Autumn fruit. Pears, apples, grapes… the orchards and vineyards are bursting with golden light. Yet the light is fading. The first frost bites.
That’s the English title for you, Tasting Sunlight. But in German, Ewald Arenz called it Alte Sorten, which you could translate as old types or heirloom varieties. The setting is old, for sure. Ancient landscape where people have tended farms, orchards, and vineyards for generations. If you have land there, you’re secure. Or so it seems.
A young woman arrives in the vineyard on foot looking anything but secure. Phone left behind in that horrible room, only a small rucksack on her back. Why is she on the run? And what makes her stop to help that older woman get her vehicle out of a rut? If she stays, will she soon be stuck in a rut, too?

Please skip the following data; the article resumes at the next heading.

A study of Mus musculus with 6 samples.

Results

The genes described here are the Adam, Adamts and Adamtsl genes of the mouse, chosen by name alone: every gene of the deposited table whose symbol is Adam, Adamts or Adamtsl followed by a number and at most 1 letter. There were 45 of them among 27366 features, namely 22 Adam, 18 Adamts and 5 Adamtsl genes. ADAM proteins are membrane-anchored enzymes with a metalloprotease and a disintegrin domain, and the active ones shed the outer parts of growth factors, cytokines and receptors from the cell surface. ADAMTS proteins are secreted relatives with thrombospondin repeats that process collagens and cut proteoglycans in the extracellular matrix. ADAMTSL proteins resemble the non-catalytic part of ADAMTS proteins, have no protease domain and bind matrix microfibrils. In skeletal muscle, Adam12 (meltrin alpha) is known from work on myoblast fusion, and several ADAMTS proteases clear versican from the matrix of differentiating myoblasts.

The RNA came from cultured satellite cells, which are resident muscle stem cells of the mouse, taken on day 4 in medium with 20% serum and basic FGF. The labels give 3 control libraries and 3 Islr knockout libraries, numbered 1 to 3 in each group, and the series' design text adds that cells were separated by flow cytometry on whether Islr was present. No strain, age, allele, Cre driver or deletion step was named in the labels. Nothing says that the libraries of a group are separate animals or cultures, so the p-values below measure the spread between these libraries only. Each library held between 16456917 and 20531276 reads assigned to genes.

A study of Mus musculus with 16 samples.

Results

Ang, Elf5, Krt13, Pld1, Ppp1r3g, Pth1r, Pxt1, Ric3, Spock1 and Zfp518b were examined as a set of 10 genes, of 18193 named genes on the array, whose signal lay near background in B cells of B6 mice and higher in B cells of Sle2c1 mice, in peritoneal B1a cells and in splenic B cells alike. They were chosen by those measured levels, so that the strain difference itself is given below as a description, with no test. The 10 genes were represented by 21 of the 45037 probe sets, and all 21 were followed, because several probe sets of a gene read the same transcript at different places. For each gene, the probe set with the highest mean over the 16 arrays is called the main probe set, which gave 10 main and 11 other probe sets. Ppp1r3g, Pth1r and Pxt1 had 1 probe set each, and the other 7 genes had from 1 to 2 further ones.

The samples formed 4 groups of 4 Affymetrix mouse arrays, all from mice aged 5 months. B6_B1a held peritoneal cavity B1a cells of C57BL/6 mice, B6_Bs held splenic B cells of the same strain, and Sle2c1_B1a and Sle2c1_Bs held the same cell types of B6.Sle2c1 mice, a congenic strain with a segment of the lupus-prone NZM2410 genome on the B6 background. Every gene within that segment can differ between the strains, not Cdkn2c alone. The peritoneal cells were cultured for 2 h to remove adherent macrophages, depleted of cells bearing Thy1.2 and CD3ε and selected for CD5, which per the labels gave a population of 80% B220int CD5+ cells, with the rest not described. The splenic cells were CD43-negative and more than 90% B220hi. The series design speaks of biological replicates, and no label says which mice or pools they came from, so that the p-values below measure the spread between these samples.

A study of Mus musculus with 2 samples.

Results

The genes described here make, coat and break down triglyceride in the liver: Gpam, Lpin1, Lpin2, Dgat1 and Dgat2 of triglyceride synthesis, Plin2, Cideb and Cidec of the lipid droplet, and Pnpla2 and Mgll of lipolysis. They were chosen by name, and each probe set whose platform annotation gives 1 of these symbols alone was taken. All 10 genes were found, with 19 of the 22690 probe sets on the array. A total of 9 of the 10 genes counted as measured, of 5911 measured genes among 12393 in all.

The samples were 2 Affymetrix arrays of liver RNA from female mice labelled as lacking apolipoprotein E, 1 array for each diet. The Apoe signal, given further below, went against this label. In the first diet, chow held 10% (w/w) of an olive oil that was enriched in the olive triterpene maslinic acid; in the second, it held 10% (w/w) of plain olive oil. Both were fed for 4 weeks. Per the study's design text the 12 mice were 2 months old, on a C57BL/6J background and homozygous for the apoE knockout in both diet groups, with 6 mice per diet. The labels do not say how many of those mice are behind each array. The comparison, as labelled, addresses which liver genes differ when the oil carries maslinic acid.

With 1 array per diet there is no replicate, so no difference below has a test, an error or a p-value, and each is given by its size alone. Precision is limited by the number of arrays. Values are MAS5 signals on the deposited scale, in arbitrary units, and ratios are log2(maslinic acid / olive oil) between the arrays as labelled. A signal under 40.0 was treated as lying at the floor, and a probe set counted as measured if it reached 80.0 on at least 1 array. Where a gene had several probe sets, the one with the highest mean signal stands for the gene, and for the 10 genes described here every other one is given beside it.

I don’t want to reveal much more of the plot. This is an intense encounter between such different women – teenage and middle-aged, restless and settled, urban and rural. As their story unfolds, so do their similarities. And their bond strengthens. Darkness in both their pasts comes to light. And the gate opens into a secret garden, overgrown and wild, fruitful and beautiful.
Listen to Rachel Ward reading from the book for Translators Aloud. We were delighted to have her speak about her translation at the ITI German Network book club. It was our second meeting with translators who don’t speak German, because they could read Rachel’s English. Hope you enjoy it as much as we did! You can see why Tasting Sunlight was on the German bestseller list for three years. And this is the perfect time to read it, as the leaves turn gold, before they fall.